In the next decade, over 300 gigawatts (GW) of unsubsidized solar energy could be deployed across the United States, generating electricity for the same or less-than retail electricity prices. But many utilities remain blissfully unaware of the coming solar storm or how to handle it, as evidenced by a Public Utility Commission hearing in Minnesota last fall.
In October, the Xcel Energy presented their long term planning process (called an Integrated Resource Plan) to the Commission and the public. In their plan, the state’s largest electric utility indicated an interest in adding 20 megawatts (MW) of solar power to their Minnesota system (in comparison to a current statewide capacity of around 13 MW).
If that seems small, consider that ILSR’s recent report on commercial solar grid parity indicates an opportunity to construct 940 MW of commercial rooftop solar at a price (without subsidies) that matches or beats retail electricity prices in Minnesota. The opportunity for residential solar is 2-3 times greater. Combined, 4400 MW of unsubsidized rooftop solar could compete with utility retail prices statewide by 2022.
In other words, Xcel’s plan is a remarkable under-estimate of Minnesota’s likely solar market in the next decade, and many other utilities are similarly unaware. I gave the following presentation to a joint meeting of the Federal Energy Regulatory Commission and National Association of Regulatory Utility Commissioners shortly after the Minnesota hearing, and it explores why utilities had better integrate more distributed solar in their resource planning.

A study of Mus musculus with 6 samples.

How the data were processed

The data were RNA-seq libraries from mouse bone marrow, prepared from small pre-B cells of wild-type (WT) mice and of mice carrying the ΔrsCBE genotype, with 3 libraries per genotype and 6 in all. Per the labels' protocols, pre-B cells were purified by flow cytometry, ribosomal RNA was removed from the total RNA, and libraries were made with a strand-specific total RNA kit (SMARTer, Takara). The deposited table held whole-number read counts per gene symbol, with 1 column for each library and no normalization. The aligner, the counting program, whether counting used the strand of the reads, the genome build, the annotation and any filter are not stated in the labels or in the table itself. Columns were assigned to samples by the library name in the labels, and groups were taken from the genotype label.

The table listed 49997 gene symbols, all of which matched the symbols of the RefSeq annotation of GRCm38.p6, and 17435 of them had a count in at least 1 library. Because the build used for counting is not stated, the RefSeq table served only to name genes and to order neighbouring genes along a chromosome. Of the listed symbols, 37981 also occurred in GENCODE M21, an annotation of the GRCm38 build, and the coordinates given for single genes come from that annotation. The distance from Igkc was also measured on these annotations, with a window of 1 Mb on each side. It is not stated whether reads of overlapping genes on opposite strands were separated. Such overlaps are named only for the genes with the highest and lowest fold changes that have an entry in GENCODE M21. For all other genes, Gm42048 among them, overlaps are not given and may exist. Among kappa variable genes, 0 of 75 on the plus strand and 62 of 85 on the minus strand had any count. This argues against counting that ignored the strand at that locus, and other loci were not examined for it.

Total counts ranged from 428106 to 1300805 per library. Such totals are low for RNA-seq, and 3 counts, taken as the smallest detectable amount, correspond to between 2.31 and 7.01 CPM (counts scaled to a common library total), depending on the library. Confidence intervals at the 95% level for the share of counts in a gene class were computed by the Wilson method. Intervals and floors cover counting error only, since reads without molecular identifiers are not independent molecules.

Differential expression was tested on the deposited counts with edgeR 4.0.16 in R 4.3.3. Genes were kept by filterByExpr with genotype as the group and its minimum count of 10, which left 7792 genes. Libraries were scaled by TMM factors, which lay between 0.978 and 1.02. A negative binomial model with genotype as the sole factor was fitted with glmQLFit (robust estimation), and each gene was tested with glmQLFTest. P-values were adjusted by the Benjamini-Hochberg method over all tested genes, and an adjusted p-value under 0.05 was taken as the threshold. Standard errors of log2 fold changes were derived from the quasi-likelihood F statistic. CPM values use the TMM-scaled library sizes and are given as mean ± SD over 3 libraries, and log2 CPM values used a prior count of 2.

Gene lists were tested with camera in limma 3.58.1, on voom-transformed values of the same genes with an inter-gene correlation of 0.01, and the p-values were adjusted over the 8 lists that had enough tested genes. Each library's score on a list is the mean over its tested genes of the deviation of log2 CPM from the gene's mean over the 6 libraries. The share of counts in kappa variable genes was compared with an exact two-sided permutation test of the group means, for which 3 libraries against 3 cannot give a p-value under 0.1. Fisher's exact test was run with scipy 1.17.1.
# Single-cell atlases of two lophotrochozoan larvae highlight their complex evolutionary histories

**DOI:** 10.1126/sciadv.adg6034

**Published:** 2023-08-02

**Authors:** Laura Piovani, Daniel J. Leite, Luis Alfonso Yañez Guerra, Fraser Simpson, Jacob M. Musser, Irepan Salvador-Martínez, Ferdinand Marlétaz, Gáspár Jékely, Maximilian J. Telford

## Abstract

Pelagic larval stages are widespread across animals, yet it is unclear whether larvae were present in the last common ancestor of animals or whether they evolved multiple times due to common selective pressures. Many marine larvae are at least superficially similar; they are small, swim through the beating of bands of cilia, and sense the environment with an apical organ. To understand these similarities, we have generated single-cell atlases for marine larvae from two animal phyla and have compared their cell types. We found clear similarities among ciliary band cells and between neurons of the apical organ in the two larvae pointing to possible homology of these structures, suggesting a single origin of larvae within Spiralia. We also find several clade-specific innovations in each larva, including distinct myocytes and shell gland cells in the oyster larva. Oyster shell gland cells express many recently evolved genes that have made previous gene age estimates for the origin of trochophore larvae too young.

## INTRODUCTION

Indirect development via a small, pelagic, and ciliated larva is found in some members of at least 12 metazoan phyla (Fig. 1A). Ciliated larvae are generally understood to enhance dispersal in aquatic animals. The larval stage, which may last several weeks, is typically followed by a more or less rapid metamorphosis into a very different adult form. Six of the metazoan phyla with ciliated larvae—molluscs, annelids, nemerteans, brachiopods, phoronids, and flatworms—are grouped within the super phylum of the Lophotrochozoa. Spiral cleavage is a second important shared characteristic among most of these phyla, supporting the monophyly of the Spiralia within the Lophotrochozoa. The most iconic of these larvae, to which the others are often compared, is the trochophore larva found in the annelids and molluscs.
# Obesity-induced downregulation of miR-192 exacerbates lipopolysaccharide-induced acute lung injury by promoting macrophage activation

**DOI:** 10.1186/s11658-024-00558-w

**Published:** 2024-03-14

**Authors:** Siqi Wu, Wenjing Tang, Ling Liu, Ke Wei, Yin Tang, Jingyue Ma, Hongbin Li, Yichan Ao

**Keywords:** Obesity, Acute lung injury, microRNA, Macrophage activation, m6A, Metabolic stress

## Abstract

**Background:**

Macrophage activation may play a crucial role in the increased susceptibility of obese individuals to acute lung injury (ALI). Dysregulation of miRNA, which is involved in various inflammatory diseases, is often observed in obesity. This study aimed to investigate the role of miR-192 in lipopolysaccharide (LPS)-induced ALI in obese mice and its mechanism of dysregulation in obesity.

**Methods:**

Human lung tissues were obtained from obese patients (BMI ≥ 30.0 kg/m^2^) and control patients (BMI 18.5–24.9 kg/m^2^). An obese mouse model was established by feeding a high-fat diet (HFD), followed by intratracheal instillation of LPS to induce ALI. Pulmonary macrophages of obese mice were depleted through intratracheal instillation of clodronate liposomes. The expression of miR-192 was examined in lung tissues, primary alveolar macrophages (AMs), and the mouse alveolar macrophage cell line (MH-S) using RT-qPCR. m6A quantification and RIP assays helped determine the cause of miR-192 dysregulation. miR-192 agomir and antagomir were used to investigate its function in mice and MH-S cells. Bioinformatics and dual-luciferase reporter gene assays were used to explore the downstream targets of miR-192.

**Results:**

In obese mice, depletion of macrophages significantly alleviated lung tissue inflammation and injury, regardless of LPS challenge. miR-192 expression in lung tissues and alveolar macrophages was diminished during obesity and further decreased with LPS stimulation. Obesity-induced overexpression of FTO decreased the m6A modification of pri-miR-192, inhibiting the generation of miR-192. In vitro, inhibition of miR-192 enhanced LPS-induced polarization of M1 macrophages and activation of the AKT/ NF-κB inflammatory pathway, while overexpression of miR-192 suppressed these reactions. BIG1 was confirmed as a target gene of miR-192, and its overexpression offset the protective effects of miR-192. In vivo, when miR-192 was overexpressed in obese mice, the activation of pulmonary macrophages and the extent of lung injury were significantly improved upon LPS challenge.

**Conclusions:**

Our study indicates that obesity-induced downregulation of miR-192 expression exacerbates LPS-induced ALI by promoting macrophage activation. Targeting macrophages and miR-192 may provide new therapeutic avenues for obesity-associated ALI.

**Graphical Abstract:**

It’s not just about preparedness. Like 29 other states, Minnesota is a utility-regulated state. In other words, its privately-owned utilities are a government-sanctioned monopoly with guaranteed customers and a guaranteed profit. Being a public utility means having a public responsibility to the citizens of Minnesota, many of whom will want to take advantage of the chance to generate their own power, cut their electric bills, and keep their energy dollars local.
There are several ways utilities could meet that public responsibility:
- Conduct and publish a study of the solar rooftop potential in their service territory on all public and private buildings, as has been done in San Francisco, Seattle, New York, and many other places.
- Publish an interactive, publicly accessible map of available capacity on the distribution system to help guide local distributed generation into locations most beneficial to the grid (as has been done by all three major investor-owned utilities in California).
- Provide a long-term, but declining incentive for solar power (and other distributed renewable energy) that helps create a stable market for steady growth from today until price parity is reached (like Germany’s feed-in tariff or California’s Solar Incentive).
As a government-sanctioned monopoly, utilities should enable their customers to make energy decisions that reduce their bills, generate clean energy, and keep their energy dollars local. It’s the least they can do for their guaranteed shareholder return, their cooperative members, or their citizens.
John Farrell heads the energy division of the Institute for Local Self Reliance. Reproduced with permission.